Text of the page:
Janet Murray is a content and online business strategist.
We caught up with Janet at #kickstart-dublin and asked her about creating a content strategy, her feelings on duplicating posts across platforms, and how to tell if your content strategy is working (or if it needs more time).
Find Janet on Instagram at @JanMurrayUK.
When it comes to making a content strategy, the very first thing you need to start with is: what do you want to sell? What is your objective?
If you don’t know what you want to sell, if you don’t know how many of whatever it is you want to sell, it’s really difficult to actually start to put a content plan together.
I tend to plan in quarters: in the next 90 days, what am I going to be selling?
If you sell the same product or service all year round, you might be thinking, “I don’t know how I could possibly do this, because I just sell the same thing all year round.” But in that case, you need to create what I call peak points. Create points in that 90 days where you are highlighting something new about your product or service. Maybe you’re doing some kind of special promotion. But really, you cannot promote the same product or service the same way the whole year round.
I look in 90 day cycles: what am I going to be selling? What kind of content do I need to create during that time to make sure that I hit my sales targets?
I think it’s actually okay to post the same content on different platforms as long as you are modifying that content for those different platforms, for those different audiences. Sometimes it’s even fine to do it on the same day or the same week. It’s about changing the format and sometimes changing the language or the style or the tone to suit that particular platform.
So for example, let’s say that you are active on Instagram, LinkedIn, Twitter and Facebook (whether you should be is another thing entirely). What I would do is say, for example, I was creating a post on how not to be a lazy content creator; I might create that particular post in a video format, I might create it as an Instagram carousel, but also as a written post that I could use on Facebook.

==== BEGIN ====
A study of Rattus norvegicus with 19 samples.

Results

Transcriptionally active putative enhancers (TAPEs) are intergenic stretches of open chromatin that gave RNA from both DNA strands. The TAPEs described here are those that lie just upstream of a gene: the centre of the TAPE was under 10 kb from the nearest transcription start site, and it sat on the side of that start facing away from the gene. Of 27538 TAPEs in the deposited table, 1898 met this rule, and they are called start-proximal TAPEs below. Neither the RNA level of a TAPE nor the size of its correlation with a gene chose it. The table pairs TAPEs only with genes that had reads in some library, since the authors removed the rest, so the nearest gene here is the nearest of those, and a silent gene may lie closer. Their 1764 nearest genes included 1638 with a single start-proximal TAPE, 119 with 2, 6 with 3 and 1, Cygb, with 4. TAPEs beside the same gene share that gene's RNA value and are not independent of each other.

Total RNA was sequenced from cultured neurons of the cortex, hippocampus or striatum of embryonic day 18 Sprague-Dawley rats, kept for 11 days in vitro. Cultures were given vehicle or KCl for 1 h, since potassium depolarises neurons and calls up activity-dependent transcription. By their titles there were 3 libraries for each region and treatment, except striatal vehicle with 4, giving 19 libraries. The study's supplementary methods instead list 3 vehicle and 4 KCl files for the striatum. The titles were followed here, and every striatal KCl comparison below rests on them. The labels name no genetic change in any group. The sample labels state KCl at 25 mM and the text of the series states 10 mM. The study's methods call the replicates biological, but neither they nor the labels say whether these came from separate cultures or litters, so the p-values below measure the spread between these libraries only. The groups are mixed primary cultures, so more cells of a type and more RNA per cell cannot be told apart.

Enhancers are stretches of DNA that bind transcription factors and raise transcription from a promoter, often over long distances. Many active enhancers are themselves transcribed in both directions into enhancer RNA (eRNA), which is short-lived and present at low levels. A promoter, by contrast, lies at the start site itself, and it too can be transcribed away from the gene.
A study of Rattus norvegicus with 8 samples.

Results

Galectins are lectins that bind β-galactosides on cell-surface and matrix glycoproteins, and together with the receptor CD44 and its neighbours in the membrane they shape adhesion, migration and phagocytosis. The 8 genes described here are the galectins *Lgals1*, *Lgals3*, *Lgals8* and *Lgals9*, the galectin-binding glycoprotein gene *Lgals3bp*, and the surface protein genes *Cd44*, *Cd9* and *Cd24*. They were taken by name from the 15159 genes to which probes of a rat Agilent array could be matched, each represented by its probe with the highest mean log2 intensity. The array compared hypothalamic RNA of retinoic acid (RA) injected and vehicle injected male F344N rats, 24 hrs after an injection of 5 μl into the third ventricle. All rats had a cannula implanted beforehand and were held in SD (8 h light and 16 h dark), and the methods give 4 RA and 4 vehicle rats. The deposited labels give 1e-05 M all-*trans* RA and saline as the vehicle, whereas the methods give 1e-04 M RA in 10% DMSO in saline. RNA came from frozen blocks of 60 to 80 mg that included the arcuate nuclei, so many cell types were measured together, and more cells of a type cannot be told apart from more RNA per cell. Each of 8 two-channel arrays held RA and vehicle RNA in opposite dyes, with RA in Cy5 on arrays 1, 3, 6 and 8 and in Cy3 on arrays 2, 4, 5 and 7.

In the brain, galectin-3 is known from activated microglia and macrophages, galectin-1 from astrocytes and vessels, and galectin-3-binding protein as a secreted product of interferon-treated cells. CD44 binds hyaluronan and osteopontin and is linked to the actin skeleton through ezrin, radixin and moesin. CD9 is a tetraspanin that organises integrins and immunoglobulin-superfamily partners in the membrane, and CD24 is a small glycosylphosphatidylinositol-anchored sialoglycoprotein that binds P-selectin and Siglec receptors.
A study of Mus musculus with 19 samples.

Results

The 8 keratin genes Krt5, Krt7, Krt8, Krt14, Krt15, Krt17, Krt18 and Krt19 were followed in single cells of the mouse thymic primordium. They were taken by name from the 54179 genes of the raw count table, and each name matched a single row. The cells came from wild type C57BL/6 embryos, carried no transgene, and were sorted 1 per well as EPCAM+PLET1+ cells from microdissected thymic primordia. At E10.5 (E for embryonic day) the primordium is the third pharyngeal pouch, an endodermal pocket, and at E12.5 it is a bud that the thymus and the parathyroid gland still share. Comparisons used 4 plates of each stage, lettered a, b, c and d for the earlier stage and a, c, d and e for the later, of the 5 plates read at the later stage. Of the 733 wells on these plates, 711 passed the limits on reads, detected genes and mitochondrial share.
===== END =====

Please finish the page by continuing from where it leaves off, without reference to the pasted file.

I find that some of the content that I post on Instagram that does really well—like an Instagram Carousel that’s really educational—if I were to post the same kind of content, the same kind of infographics, the same kind of text on my Facebook page, it wouldn’t do that well; if I post that as a long form written post—it could be exactly the same topic, exactly the same themes—but just presenting it in a different way for that audience would get the response that I needed.
So it really is fine to take the same topics, because your audience are likely to be interested in the same things—it’s just perhaps the delivery that you need to change up a little bit.
Most people don’t give their content enough time to see whether it’s actually working.
I think actually there’s four different stages to becoming a good content creator:
Number one is just getting consistent, just showing up and doing it regularly, because that’s how you start to see what works.
The next stage is about getting more creative, about testing out different ideas, maybe getting a little bit more adventurous, getting your confidence.
The next stage is then working on your conversion: how are you going to convert those people that are engaging with your content, and how are you going to turn those people into—it sounds horrible to say “turn,” but how are you going to help those people or encourage them to become your customers or clients?
And then the final stage is sales.
A lot of people imagine that they can get onto social media and post one thing and suddenly be absolutely brilliant at it and making loads of sales and the fact is that just doesn’t happen. You’ve got to go through those those phases—consistency, creativity, working on your conversion to get to sales—and there’s a lot of tweaking and testing.
To be honest I think most people give up too quickly. I think that you often need to give it quite a few months before you can really say, “No, that isn’t working.”
A lot of people give up without getting advice or guidance; they decide something isn’t working when sometimes they just need a little tweak in the way that they’re presenting it, a little tweak in the text, or a little tweak in the pictures that they’re using or the phases that they’re using. So I would say to give it a good few months; you need to do something a lot of times to figure out what’s working and what isn’t.